Updated: Jul 1, 2019
Software developed by EarthSense has been used to assess how trees impact on urban air quality on one of London’s most polluted streets.
Computational Fluid Dynamics used to model air pollution in cities
Called FluidAir, the state of the art solution uses Computational Fluid Dynamics (CFD) to simulate the flow and dispersion of pollutants within complex 3D surroundings, such as city streets.
Scientists at EarthSense Systems, who specialise in air quality monitoring solutions, integrated road, building and tree data to create an accurate 3D model of the Marylebone area of London. Recorded pollution levels were combined with traffic flow data from the Department for Transport and meteorological information from London City Airport, to calculate pollution concentrations and investigate different tree scenarios.
“Air pollution is the world’s largest single environmental health risk. Globally it costs £3-5 trillion per year, affects 92 per cent of the world’s population and is associated with more than three million deaths per annum. In the UK alone, the economic cost of air pollution is estimated at £54 billion, and 29,000-40,000 people are thought to die prematurely from its effects,” commented Dr. Antoine Jeanjean, Head of Modelling at EarthSense. “With an increasing trend of urbanisation, our understanding of air pollution distribution has to increase and data collection and modelling must be used intelligently to aid key decisions and mitigation strategies.”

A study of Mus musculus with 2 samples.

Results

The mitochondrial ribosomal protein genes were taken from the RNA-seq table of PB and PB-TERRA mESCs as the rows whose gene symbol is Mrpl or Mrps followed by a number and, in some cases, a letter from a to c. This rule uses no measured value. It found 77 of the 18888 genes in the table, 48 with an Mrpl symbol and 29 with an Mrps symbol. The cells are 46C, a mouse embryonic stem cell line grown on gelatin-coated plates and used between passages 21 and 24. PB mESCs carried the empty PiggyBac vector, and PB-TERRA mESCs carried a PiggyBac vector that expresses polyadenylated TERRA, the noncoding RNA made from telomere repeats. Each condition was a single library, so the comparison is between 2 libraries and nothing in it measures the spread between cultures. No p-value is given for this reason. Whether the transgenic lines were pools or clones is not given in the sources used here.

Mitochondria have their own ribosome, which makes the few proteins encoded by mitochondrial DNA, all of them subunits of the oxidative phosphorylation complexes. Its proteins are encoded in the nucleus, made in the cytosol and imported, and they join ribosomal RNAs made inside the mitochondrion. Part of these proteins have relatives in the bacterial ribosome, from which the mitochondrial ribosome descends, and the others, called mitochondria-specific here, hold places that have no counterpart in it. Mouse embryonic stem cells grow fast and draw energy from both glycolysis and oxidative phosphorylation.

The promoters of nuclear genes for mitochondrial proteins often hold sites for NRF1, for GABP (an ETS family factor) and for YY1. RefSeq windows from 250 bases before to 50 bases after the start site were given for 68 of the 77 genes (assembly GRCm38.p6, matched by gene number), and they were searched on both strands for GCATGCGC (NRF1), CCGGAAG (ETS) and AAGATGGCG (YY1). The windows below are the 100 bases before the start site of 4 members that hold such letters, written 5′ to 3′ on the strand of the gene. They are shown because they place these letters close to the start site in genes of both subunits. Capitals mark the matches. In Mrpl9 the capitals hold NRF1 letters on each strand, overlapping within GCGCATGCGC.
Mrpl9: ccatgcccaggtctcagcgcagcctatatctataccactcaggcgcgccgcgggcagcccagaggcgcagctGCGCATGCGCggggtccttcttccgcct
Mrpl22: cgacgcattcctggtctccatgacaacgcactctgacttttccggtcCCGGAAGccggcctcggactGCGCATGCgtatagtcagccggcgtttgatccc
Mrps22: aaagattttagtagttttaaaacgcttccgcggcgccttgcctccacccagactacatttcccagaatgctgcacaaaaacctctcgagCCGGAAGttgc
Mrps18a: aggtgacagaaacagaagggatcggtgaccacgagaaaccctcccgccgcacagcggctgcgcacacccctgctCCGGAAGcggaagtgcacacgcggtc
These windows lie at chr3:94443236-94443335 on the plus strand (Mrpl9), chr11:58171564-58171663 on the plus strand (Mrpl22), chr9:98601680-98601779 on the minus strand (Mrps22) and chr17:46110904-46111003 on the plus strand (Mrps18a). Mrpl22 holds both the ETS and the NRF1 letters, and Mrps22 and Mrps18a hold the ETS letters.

According to EarthSense scientists, the analysis of the CFD results, created using FluidAir, and the data monitored at the Marylebone site shows that trees should be considered as a mitigation measure where streets run parallel to the prevailing winds. However, they also concluded that trees may exacerbate pollution trapping for wind directions perpendicular to the street canyon orientation, and additional planting would not improve air pollution in this situation. The effect of trees on pedestrians was also investigated, and it was found that the introduction of trees in the street slightly changes the distribution of concentrations.
“Put simply, this study confirms previous findings that street air quality is altered by trees in many different ways depending on street geometry, wind speed and direction and sampling height,” concluded Jeanjean. “Using FluidAir for these studies improved the processing time and allowed for the inclusion of a wider range of data and, as a result, more detailed and in-depth analysis.”